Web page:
We left Ceuta mid-morning and headed back north, again crossing the strait of Gibraltar. It was blowing a stiff westerly and seas were rough. There is a strong current passing through here, which we did account for, although we didn't think it all the way through. You see, the current was going east, and we wanted to cross it more or less northwards. This meant pointing the nose of the boat towards northwest to offset the leeway. That way we made way north, where we wanted to go. So far that's all quite normal sailing stuff, but the current in parts of the strait was so strong that we had to point very westerly to keep to our intended track. This meant our nose was now pointing too far upwind to make good speed!
Luckily it wasn't very far to go, so we just headed off our planned track and let the water carry us further east so that we could get a better angle on the wind and keep sailing. As soon as we got in the wind shadow behind the massive rock of Gibraltar, the seas calmed down a lot and the current weakened considerably. The rock also blocked most of the wind, so we went from rough seas and 30-40 knots to a very pleasant 15-20 knots in flat waters - what a welcome difference!
We dropped anchor just outside the marina in Duquesa and spent a only slightly rolly (but free) night there. The next day the wind turned out to be much lighter, and we motorsailed further along the coast into Fuengirola, where we berthed bows-in, remembering our lesson from Ceuta. The wind along the coast was kicking up a swell and the flat shoreline offers virtually no anchorages - and the marinas are expensive here.
The entire Costa del Sol (sunny coast) is a tourism hotspot and has little to offer for cruising sailors like us. Fuengirola was simply one highrise hotel block after another, the beaches cluttered with rental loungers and parasols, the sand greasy with sunscreen. We walked through town, but it was just more of the same, complete with Burger King and Starbucks. One night here was more than enough.
The wind forecast was way off again, as often in this area. The next hop was a place called Caleta de Velez. Slightly smaller hotels and a marina shared with a fishing harbour, heavily polluted with floating bottles, styrofoam containers and other garbage. The marinero was very friendly and helped us dock at the last available berth, which was a bit tricky due to the strong gusts and a sharp concrete corner armed with a rusty steel ladder, but with his help we managed to avoid embedding either of those in our hull.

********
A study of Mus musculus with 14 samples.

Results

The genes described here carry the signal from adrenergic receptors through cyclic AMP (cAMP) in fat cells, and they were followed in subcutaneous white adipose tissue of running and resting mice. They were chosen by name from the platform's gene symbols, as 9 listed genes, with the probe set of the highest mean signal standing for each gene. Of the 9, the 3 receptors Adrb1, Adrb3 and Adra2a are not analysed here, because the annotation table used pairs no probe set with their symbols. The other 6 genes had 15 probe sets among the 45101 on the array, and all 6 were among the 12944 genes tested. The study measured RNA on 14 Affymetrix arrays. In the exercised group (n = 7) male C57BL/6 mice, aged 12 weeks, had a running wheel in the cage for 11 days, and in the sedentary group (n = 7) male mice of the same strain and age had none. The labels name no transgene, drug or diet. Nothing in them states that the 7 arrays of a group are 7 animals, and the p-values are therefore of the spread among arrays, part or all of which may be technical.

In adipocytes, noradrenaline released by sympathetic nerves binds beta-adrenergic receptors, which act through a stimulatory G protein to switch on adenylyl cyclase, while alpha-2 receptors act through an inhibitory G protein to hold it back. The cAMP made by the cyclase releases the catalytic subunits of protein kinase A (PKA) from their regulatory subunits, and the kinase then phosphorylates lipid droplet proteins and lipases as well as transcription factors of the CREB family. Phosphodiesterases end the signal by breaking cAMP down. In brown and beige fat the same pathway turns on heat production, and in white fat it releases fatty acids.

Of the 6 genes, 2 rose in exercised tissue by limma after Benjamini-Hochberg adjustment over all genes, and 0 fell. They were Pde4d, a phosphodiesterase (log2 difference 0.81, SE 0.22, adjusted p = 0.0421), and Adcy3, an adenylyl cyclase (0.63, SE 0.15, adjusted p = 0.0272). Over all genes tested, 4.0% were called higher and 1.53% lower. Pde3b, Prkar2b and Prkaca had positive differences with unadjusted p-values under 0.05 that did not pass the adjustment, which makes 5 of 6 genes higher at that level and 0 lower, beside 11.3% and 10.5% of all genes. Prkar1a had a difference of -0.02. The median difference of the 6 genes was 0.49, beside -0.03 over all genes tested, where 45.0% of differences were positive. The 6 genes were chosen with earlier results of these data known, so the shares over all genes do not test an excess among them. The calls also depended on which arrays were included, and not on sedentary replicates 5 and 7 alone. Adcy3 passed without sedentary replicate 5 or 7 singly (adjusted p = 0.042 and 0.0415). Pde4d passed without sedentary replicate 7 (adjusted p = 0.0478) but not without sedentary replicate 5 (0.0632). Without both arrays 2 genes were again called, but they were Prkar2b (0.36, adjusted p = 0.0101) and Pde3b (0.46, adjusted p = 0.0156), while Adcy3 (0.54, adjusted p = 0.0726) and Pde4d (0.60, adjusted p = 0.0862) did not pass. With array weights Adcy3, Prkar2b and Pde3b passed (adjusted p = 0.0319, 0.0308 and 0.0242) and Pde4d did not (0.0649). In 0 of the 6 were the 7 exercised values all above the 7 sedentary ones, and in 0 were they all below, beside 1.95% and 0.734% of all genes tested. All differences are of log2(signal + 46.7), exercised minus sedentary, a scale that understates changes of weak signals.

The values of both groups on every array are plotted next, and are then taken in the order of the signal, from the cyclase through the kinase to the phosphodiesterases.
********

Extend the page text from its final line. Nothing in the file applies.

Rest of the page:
We stayed here for three nights, as even with all the mass tourism horrors, we found something cool to look at: The Cuevas de Nerja (Nerja Caves). We had to grab a bus from the marina and then walked up a hill to the caves, which were pretty crowded, but access was managed efficiently and the queue not too long.
It was well worth it. These caves were rediscovered fairly recently, in 1959, when a guy fell down a sinkhole and found this most amazing cave complex. It later turned out he wasn't the first though, Neanderthals about 42'000 years ago had left graffiti on the walls. I'm not sure if this is the biggest cave in Europe, but it sure is huge, and it probably is the most impressive one. Like any decent cave, it of course features a concert hall. We tried to photograph some of its glory, but it was tricky, as it was fairly dark, milling with people and tripods were not allowed.
After the cool caves, we decided to walk into town in the sun and take the bus from there, which took us off the well trampled tourist paths and through some lovely scenery and past a local restaurant. Lots of fields span the hinterlands, as much of Europe's vegetables are grown here in Andalusia.